Saturday, August 27, 2011

What I am Reading Today - Saturday's Thoughts on Education and Parenting

Some thoughts on the need for approval from a reply I posted on Homeschooling / Unschooling / Home Education... all things Unplugged! yesterday: 
Kids only want approval if they are conditioned/trained to want it. If we don't teach our children to need or want approval then they don't seek it. Kids want support, recognition, acknowledgement, etc, not approval. They know they don't need our approval to feel okay about themselves and what they do.
Sometimes children's passions and interests line up with those of their parents, sometimes they don't. It is only natural for parents' interests and passions to be scaffolds for learning for children - no harm in that unless the parent restricts the children's activities. Children who are restricted in having their own learning needs met soon show resistance - this can be demonstrated as adverse behaviour, illness, boredom, depression, unhappiness. Parents who love their children seldom let their children fester in these states for very long - they encourage and support their children to pursue their own interests and passions.

I’m always learning and my online conversations with friends are one of my best learning tools. Today I had an insight about an important lesion I’m currently learning after reading Wendy’s blog called Cynicism is a Form of Resistance.  

Great blog on ‘open source learning’ from Radio Free School picks up on the free courses offered by Stanford University I mentioned the other day and quotes another favourite author, John Taylor Gatto.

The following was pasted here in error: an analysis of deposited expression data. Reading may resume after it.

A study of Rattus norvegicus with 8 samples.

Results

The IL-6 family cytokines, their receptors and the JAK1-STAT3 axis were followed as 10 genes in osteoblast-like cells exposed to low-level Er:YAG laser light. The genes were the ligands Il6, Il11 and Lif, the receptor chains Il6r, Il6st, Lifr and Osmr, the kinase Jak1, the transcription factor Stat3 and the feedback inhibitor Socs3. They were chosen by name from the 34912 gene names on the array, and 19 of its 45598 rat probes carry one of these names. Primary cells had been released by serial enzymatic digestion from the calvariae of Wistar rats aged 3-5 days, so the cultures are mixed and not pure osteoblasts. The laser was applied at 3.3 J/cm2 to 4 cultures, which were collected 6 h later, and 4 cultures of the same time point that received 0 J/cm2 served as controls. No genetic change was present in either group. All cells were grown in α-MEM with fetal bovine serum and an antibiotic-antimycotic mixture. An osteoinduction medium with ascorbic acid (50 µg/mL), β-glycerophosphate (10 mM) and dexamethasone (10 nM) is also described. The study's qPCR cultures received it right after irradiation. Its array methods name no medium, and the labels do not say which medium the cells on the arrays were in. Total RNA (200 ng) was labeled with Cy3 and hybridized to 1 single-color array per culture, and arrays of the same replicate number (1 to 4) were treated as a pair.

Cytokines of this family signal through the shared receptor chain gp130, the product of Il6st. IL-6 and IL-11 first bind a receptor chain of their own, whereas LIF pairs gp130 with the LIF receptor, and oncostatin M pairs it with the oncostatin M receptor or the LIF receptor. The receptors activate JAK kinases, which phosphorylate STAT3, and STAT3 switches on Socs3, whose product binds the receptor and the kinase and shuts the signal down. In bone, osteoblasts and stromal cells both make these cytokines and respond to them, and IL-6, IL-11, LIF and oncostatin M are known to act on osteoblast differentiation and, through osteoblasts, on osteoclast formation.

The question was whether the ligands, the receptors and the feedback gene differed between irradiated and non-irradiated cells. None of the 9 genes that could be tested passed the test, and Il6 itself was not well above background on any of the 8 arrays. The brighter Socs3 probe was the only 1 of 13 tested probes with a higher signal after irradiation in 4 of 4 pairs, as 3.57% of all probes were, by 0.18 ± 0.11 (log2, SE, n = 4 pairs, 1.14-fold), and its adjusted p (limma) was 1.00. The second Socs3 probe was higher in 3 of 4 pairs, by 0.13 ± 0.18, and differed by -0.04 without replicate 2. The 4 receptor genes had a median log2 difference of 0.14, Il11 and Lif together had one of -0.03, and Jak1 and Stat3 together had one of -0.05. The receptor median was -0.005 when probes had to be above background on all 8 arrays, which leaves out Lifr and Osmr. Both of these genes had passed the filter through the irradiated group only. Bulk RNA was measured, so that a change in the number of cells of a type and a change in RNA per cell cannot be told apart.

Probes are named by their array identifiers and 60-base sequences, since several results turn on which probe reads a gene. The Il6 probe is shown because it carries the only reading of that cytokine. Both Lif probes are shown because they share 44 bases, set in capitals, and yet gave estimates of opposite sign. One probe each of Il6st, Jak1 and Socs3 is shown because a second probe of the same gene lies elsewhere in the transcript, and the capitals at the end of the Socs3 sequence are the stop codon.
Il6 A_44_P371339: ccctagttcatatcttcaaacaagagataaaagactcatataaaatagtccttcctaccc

And finally, I thoroughly enjoyed reading Free Range Food - How Do You Do It and Does It Work? by Teresa Graham Brett. Food is a sensitive issue for many parents because the health of our children depends on the quality of what goes in – this is true not only of food but many other things. And this constant focus can lead to a great deal of stress as well damaging feelings of guilt. We allowed our children relatively free range to food without going the whole way – I still controlled the purchases and would maneuver them away from what I considered undesirables while shopping. I wish I’d been more adventurous and less insecure though… Hindsight is great isn’t it? Luckily there is a lot more support for adventurous parents nowadays. If you are already on the unschooling/life learning path, consider adding free range food to your family diets. It is never too late – in fact, I’m going to give up feeling guilty and start totally free ranging myself as from today!